Federal Court Upholds Christian Dawkins, Merl Code Convictions in CBB Bribery Case

Scott Polacek@@ScottPolacekFeatured Columnist IVJune 4, 2021

FILE - In this March 18, 2015, file photo, the NCAA logo is displayed at center court as work continues at The Consol Energy Center in Pittsburgh, for the NCAA college basketball tournament. The NCAA is opening a door for states with legalized sports gambling to host NCAA championship events. The governing body for college sports on Thursday, May 17, 2018, announced a "temporary" lifting of a ban that prevented events like college basketball's NCAA Tournament from being hosted in states that accept wagers on single games. (AP Photo/Keith Srakocic, File)
AP Photo/Keith Srakocic, File

The 2nd U.S. Circuit Court of Appeals in Manhattan upheld 2019 convictions against Christian Dawkins and Merl Code as part of the fallout of the FBI's investigation into men's college basketball corruption.

According to Larry Neumeister of the Associated Press, Dawkins was convicted of bribery and both were convicted on a single conspiracy count.

Code was sentenced to three months in prison, and Dawkins was sentenced to one year and one day in prison. 

This is not the first time the convictions have been upheld. The appeals court also upheld Dawkins' and Code's 2018 convictions at a separate trial in which they were each sentenced to six months in prison.

The overarching investigation centered around the practice of financial advisers and business managers paying college coaches and athletes' families in an effort to steer the players toward certain colleges with sponsorship deals with apparel companies.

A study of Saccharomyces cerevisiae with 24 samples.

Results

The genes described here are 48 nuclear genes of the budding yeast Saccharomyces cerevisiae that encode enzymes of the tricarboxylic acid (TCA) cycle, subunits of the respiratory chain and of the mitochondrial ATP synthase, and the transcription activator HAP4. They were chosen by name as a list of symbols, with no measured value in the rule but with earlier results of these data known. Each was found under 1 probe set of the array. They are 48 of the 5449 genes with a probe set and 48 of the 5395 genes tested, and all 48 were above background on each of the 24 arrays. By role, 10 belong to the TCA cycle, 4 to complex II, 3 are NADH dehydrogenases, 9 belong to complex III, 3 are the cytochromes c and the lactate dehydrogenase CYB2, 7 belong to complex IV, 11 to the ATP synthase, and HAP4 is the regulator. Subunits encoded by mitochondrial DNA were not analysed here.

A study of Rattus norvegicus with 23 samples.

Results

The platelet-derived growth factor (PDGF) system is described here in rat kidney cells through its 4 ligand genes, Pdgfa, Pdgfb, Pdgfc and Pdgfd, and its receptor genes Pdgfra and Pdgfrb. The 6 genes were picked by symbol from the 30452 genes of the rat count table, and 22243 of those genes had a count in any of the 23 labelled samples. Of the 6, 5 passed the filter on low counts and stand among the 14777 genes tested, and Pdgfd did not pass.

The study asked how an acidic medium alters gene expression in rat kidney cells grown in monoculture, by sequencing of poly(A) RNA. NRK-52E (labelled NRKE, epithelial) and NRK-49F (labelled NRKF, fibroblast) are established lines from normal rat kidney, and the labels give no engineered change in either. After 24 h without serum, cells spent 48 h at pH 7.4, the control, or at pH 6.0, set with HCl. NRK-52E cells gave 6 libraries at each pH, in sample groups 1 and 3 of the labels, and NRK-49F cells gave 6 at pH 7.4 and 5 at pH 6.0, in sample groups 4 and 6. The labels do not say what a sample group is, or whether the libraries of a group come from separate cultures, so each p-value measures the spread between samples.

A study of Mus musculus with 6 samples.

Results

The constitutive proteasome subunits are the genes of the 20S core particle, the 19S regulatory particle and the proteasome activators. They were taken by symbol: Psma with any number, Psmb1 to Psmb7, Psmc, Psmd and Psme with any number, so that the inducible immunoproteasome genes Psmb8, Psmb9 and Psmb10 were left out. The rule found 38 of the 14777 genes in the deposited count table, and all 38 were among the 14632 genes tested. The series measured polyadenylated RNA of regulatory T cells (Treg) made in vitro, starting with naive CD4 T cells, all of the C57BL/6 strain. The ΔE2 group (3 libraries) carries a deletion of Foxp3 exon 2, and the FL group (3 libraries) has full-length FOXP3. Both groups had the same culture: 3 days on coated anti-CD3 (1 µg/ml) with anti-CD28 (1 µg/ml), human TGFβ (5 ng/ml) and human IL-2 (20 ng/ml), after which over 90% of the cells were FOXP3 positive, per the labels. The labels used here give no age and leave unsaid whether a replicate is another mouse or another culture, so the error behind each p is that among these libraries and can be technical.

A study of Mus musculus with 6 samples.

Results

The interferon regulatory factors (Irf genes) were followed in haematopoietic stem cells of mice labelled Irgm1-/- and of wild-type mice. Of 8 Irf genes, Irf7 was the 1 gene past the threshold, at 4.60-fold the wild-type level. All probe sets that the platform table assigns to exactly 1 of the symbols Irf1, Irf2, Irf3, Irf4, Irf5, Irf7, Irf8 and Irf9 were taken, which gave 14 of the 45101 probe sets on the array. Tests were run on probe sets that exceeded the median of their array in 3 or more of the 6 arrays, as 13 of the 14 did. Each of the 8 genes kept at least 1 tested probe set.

Prosecutors painted the actual schools as victims of the practice, while defense lawyers said they were complicit.

Neumeister noted "the 2nd Circuit said Congress purposefully wrote the law broadly to preserve the integrity of organizations that receive federal dollars by outlawing bribery, and it is not the role of courts to interpret it in a restrictive manner."

There has been plenty of fallout from the FBI's investigation into college basketball.

USC received two years of probation and multiple recruiting restrictions, and the NCAA issued five Level 1 charges against Arizona. One of those charges was a lack of head-coach responsibility charge against former head coach Sean Miller.

Miller has since been fired, and Arizona self imposed a one-year postseason ban for the 2020-21 season.

The NCAA also gave Oklahoma State a postseason ban for the same season, but it ultimately played in the NCAA men's tournament while they were in the appeal process.